Could the era of cheap oil supply be gone for good? That’s the conclusion of some of the biggest commodities desks on Wall Street, where banks have been lifting their long-term price forecasts, often by $10 or more.
While the U.S. shale boom brought about a “lower-for-longer” mantra, the market is now fixated on climate change and the dwindling appetite to invest in fossil fuels. Instead of growing supply, companies are under pressure to limit their spending, causing a structural under-investment in new production that -- the argument goes -- will keep oil prices higher for longer.
“My advice to clients is that you want to stay long oil until you know where that equilibrium price is” that brings new supplies online, said Jeff Currie, head of commodities research at Goldman Sachs Group Inc. “We know it’s above these levels because we haven’t had a big uptick in capex and investment.”
The notion of a supply gap is nothing new. Since prices crashed in 2014, analysts have talked up the potential for demand to outstrip production as a result of underinvestment. But the rout in energy prices from Covid-19, combined with pressing environmental concerns, offer reason to think this time is different.
The number of oil and gas drilling rigs globally may have recovered from the lows of when oil prices turned negative last year, but they are still down more than 30% on the start of 2020. Current figures are about as low as they were in 2016, according to Baker Hughes Co., despite headline crude prices being near a seven-year high.
Among the banks seeing higher prices for longer, Goldman says $85 for 2023. Morgan Stanley bumped what it calls its long-term forecast up by $10 to $70 this week, while BNP Paribas sees crude at almost $80 in 2023. Other banks including RBC Capital Markets have talked up the prospect of oil being at the start of a structural bull run.
Such estimates imply that a commodity vital to the global economy has become structurally more expensive. Oil price expectations underpin hundreds of billions of dollars of equity valuations for major international oil companies like Royal Dutch Shell Plc and BP Plc.
There’s an ever-dwindling appetite to lend on the part of investors too. In the last week alone, the largest French banks said they would curb the financing of the shale oil and gas industry from early next year. Ecuador recently had to double the amount of banks that could provide it with credit guarantees as financial institutions shunned crude harvested from the Amazon.
Not everyone supports the idea that prices can be stay at elevated levels. Citigroup Inc. said in a report this month that crude below $30 and above $60 looks unsustainable in the long-term. A prolonged price above $50 could add 7 million barrels a day of extra supply, the bank’s analysts including Ed Morse wrote in a note.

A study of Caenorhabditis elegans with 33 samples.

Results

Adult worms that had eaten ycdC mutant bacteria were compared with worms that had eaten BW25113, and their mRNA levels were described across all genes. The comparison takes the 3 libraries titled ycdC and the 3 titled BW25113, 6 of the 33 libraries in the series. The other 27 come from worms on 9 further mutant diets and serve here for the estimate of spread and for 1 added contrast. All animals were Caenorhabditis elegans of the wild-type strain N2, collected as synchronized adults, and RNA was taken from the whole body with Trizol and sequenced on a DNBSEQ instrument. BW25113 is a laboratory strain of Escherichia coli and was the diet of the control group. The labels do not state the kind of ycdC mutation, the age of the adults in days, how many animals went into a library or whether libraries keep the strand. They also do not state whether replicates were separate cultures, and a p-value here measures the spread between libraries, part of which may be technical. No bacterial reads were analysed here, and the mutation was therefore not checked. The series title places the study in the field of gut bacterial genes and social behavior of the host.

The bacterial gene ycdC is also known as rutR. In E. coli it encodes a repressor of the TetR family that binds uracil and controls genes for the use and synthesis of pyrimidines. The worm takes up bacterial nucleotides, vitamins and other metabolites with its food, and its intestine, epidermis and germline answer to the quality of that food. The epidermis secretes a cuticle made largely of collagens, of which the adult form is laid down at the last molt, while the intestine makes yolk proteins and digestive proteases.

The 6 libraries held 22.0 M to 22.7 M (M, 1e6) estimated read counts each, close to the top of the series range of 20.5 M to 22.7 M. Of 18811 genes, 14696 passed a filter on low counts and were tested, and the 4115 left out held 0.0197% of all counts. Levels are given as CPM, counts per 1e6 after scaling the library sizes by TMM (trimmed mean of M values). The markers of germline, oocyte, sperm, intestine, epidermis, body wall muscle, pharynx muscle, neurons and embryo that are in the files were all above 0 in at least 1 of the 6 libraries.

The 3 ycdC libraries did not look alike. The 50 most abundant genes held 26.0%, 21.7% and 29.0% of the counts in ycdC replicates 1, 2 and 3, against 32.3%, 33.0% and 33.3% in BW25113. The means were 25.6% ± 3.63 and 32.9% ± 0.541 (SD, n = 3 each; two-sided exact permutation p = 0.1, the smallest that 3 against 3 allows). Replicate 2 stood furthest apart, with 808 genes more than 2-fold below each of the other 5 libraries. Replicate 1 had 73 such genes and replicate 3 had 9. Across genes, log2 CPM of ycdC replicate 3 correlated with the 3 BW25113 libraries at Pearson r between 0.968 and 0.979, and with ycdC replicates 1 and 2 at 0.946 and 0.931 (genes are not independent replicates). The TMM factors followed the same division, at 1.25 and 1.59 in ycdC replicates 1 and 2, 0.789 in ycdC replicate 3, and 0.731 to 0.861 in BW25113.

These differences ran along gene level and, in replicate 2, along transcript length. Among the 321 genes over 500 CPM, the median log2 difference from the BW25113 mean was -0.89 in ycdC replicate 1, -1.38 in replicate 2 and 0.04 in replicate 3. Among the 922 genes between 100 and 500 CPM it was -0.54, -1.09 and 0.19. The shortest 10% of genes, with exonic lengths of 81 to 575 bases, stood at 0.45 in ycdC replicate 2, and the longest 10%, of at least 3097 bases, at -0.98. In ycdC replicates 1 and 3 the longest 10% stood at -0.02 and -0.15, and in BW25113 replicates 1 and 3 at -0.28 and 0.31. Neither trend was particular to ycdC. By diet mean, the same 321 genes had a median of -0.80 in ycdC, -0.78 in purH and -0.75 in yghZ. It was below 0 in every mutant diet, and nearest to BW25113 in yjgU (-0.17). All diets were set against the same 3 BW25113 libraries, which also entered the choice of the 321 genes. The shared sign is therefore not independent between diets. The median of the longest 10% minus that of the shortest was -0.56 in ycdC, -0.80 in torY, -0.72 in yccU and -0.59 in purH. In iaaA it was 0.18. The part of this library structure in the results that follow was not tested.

“Mid-term, cost indicators keep pointing to a fair-value range between $40-$55 a barrel,” they said.
But others see a tide that’s turning, especially given changes in the U.S., which has effectively become a swing producer in recent years.
On one front, publicly listed U.S. shale companies remain constrained in growing production. When EOG Resources Inc. said in February that it planned to grow output its shares fell the most of any company on the S&P 500. There have been few, if any, similar comments from producers since.
Alongside that, the impact of field declines is growing clearer. In November, the Permian Basin was the only onshore U.S. field to show meaningful year-on-year production growth. All others were either flat or down, according to an Energy Information Administration report.
Similarly, while some of the key OPEC+ producers find themselves with spare capacity that they can dip into next year, others including Nigeria and Angola are already showing signs of struggling to lift production further.
“People have become very comfortable with the idea that shale will be there and we’re not resource constrained,” said David Martin, head of commodities desk strategy at BNP Paribas. “That’s a question mark in my mind.”
And in a world spending less money on fossil fuels, questions then turn to demand, which doesn’t look like peaking any time soon.
The International Energy Agency said earlier this month that spending on fossil fuels is lower than needed if current demand growth continues. It only sees oil demand starting to decline in the 2030s under current policies. However, Morgan Stanley estimates that supply could stop expanding by 2025, leaving a sizable gap.
“We are running at net-zero type capex levels, whilst at the same time demand is not following the net-zero trajectory,” said Martijn Rats, an oil strategist at the bank. “Demand will be above 100 million barrels a day for the rest of the 2020s, but on the supply side we’re not going to produce that with current investment levels.”